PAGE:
Sean Lineen played, coached and filled multiple roles in Scottish rugby over 30 years.

“Exception. Rule.” tweeted one of the unreconstructed when I playfully paid tribute to Sean Lineen on his – I fear – premature retirement after 30 years with Scottish Rugby.

Lineen was of course the first of the “mercenaries”, the original “Kilted Kiwi” who was capped due to distant familial connections, in his case a grandad from Stornoway.

He’s certainly been the most loyal, staying for three decades and filling at times it seems any available role to advance the cause of Scottish rugby.

Quite apart from the playing side – 29 caps, a place in the Pantheon as a 1990 Grand Slam hero – Sean has been an innovator, enabler and wise counsel for three decades. He turned Boroughmuir into a club power, then built the foundations and the culture to turn Glasgow Warriors into the outstanding organisation – on and off the field – they are now.

A brilliant coach and administrator

Sean coached brilliantly at all levels, most recently building a callow Under-20 side into a unit that is already producing quality pro players.

He scoured the world for talent for Scotland the pro teams. Sean mentored scores of coaches and hundreds of players. He helped establish the Super6 and dragged it to being a success, certainly in the first two iterations.

Best of all Sean has always been a sounding board. Not just for senior people within Murrayfield but for journalists who want an honest and sound appraisal of a line they’re pursuing or just a pint and a natter.

That made a lot of us very loyal to him. When he was moved from the head coaching post at Glasgow to accommodate Gregor Townsend in 2012, some of us were downright furious.

But if Sean felt slighted or stabbed in the back, he never demonstrated it. He just got on with doing the job he was given and trying to make Scottish rugby (lower case ‘r’) better.

Ten years on, in retrospect it seems like the right decision was made – the game at the top level in this country is stronger than ever, and he’s played a massive role in that.

That’s the one caveat as he leaves Murrayfield – amicably, although with Sean, you suspect it would never be anything else. He’s always seemed to have been a voice of reason within the halls at EH12.

Lineen and the other ‘incomers’

But foremost Sean has been an exemplar of the contribution that can be made by players or officials who are not purely “native”.

Regulars will know that I find this stance to be perverse and self-defeating. Scotland has a small player base in rugby and we must maximise all who are – or become – eligible under the rules. It’s not as if every other rugby nation doesn’t do the same – with the exception of Argentina.

But even if 90% of the “incomers” – I hate how this debate so often sounds like racism – stop just for their cap and a cup of coffee, having just one contributor like Sean Lineen justifies them all, in my view.

A wide-open contest for once

Although frequently wrong eventually, usually before the festive 1872 Cup clashes between Scotland’s two pro teams I have a fair idea who I think is going to win.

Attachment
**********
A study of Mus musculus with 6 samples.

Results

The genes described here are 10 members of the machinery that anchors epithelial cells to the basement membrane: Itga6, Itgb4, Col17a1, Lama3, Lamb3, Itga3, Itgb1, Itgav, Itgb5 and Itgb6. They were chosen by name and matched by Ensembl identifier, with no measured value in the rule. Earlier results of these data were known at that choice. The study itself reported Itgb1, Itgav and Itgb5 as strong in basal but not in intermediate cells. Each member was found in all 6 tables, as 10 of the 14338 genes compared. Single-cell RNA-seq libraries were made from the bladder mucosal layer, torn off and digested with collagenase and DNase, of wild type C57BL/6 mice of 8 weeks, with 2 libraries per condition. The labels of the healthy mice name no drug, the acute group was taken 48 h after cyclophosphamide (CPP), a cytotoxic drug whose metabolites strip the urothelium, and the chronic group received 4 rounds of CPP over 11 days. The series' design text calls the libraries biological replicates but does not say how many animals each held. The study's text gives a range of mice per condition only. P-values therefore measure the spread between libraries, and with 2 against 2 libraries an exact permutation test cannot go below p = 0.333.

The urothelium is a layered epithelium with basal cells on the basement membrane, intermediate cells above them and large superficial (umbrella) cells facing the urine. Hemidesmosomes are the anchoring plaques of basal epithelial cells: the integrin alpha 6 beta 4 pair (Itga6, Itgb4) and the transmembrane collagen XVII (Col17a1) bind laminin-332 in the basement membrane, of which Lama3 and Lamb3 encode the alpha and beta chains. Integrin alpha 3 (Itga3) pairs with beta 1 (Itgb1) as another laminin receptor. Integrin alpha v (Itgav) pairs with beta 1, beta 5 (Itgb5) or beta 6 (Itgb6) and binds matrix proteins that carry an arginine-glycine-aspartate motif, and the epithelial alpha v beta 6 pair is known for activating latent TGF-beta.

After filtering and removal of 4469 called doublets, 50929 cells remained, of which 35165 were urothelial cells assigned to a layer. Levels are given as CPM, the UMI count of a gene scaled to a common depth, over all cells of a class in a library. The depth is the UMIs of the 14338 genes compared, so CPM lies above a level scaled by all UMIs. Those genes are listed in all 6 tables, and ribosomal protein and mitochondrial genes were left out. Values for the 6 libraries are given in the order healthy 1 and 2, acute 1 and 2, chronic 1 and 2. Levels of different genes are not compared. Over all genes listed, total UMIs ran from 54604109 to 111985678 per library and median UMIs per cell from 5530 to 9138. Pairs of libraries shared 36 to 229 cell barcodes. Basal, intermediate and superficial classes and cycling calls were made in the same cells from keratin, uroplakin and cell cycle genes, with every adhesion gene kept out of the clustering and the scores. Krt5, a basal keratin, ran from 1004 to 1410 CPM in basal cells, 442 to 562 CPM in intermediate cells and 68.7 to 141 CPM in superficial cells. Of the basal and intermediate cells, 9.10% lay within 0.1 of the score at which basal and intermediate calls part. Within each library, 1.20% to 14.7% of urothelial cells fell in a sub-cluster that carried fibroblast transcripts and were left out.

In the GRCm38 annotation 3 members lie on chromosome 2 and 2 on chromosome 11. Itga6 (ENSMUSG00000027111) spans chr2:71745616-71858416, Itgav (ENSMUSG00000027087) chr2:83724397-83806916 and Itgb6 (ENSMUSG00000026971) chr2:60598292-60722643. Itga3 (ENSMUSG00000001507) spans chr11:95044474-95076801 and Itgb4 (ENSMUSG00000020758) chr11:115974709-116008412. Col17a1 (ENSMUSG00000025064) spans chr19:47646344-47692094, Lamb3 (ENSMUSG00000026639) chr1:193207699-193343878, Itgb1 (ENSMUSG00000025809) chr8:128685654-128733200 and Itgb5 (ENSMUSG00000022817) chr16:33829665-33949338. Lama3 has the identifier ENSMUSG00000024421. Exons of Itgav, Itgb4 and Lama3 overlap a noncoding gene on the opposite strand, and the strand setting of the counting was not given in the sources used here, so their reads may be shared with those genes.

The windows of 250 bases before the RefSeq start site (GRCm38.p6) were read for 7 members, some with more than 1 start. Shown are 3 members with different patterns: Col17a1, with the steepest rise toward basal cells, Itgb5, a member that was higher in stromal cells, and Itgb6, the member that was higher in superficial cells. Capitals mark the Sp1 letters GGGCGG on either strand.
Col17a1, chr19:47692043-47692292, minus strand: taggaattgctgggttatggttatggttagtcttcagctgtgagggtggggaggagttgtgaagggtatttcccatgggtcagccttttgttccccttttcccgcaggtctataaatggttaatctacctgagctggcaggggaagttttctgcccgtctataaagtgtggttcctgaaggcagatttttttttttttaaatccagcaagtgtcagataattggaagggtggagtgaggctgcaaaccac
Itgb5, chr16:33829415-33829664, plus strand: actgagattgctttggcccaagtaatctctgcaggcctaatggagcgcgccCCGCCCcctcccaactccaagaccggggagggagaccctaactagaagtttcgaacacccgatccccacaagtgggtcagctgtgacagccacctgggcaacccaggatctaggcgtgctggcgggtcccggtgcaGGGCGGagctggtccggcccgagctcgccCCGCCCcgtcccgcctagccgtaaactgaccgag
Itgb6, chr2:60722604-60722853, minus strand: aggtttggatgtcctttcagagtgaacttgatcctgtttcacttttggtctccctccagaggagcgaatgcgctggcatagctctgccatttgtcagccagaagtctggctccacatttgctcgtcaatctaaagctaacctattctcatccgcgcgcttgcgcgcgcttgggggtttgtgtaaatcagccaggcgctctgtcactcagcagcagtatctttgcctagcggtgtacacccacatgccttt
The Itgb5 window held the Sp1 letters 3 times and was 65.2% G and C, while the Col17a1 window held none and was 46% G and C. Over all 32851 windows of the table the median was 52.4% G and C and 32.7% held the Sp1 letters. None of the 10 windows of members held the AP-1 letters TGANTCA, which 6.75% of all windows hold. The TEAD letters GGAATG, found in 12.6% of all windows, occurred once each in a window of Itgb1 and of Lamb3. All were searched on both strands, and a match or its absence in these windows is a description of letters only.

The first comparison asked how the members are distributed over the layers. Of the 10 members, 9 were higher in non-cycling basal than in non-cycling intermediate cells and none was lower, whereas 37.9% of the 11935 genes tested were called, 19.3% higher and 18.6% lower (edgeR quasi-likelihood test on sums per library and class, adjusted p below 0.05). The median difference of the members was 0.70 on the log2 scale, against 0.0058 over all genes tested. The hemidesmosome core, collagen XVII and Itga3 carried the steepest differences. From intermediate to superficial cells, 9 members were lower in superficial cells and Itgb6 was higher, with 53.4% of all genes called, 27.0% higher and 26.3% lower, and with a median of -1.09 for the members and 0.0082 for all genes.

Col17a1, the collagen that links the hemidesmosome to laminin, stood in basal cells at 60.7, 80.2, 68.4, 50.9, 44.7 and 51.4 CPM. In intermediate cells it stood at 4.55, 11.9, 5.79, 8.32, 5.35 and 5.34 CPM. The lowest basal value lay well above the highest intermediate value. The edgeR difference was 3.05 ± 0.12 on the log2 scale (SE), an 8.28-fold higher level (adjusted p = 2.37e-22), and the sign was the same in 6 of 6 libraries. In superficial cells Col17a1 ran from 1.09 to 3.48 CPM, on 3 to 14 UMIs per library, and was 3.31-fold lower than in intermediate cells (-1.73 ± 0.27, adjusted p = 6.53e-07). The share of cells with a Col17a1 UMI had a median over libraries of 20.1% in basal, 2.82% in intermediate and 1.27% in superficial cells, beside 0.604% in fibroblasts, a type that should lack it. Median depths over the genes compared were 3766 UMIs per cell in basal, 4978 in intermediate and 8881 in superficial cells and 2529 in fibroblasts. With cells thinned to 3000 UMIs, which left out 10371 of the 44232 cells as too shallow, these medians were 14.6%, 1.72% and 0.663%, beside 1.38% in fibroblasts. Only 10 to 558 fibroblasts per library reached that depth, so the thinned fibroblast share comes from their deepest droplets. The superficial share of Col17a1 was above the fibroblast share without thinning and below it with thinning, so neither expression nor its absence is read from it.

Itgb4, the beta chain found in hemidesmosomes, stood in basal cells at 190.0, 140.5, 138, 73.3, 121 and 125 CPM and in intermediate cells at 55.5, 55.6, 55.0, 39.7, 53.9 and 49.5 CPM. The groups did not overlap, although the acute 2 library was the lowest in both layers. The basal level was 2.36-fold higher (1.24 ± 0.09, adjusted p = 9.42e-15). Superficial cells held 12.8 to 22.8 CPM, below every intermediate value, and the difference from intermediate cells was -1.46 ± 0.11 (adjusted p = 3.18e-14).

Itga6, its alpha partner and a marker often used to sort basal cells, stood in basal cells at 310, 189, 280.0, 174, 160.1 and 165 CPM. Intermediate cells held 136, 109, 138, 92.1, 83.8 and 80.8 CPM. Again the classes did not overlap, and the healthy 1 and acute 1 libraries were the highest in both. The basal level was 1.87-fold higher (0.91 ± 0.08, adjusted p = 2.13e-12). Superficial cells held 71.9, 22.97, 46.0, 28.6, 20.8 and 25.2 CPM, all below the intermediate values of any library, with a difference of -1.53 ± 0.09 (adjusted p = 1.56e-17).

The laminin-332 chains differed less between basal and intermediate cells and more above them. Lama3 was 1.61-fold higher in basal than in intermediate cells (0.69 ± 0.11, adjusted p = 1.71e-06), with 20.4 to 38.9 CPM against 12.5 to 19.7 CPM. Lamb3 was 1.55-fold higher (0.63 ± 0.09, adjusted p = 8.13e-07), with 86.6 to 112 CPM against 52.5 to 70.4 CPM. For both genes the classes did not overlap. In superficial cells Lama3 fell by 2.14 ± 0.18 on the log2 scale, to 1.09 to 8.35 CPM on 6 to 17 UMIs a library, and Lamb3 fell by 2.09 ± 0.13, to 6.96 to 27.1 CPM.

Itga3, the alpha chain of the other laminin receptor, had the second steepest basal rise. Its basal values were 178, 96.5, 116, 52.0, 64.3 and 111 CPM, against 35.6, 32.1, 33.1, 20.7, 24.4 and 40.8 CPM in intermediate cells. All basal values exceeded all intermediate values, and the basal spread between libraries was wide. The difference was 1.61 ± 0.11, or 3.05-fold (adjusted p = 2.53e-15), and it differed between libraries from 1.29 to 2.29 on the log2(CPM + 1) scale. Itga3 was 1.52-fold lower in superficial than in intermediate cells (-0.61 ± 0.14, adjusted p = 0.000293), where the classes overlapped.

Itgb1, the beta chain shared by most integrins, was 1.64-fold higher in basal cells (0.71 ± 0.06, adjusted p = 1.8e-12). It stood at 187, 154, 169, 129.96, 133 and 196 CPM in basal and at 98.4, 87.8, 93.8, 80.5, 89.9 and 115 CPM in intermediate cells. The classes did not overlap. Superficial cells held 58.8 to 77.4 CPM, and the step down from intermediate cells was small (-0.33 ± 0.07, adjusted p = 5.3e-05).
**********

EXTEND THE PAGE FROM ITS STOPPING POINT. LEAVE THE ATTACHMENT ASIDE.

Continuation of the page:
This year? No chance.

But for odd blip – both of them, oddly, in Treviso – the two teams have been playing some excellent rugby. They both had impressive wins over former European champions from the Gallagher Premiership in the past fortnight.

In addition, the clear evidence is that the teams are converging stylistically as well. This may be entirely intentional, with the dark overlord of it all being Scotland head coach Gregor Townsend.

But Mike Blair has opened Edinburgh’s game way beyond the station-to-station structure of Richard Cockerill’s era. Glasgow under Danny Wilson appear to have built a monster pack that can go toe-to-toe with anyone.

Both can still play the old way too. Edinburgh reverted to Cockers-ball in dreadful conditions at Saracens, Glasgow have been chucking it about as is their tradition as well as sticking it up the jumper.

Bradbury’s chance against Dempsey

For Scotland considerations, what should we be looking for? Well, No 8 still seems to be a position of some conjecture.

Matt Fagerson is currently in possession but doesn’t play there for Glasgow, because they have possibly the best player of this current season on either team, Australian Jack Dempsey.

Like surely everyone who has that name after the original, Dempsey is a hard man. But he adds pace, agility and directness to that. If he were Scots, he’d be a perfect fit with Jamie Ritchie and Hamish Watson.

Bill Mata is the only major player on either team out with a long-term injury (fingers crossed that stays the same until well into February). That means that surely Magnus Bradbury’s going to get the chance for Edinburgh.

The lack of crowds for the two matches over the next two weeks is disappointing. We were likely to get 30,000 at Murrayfield in particular. But as an effect on the game itself it won’t make much of a difference.

It’ll be back to resembling those Blues vs Reds trials we used to have prior to every Six Nations. The last of those was in 1998 at Myreside at the behest of Jim Telfer. I’ve always remembered it as it was the last match I covered where I got the score wrong.

So who wins what? I’ll shamelessly go with home advantage for both games. I think Glasgow will retain the Cup on aggregate as they have a more reliable goalkicker in Ross Thompson.

Amazingly, it was only a year ago that the young Warriors 10 was first chucked in at the deep end for the second leg.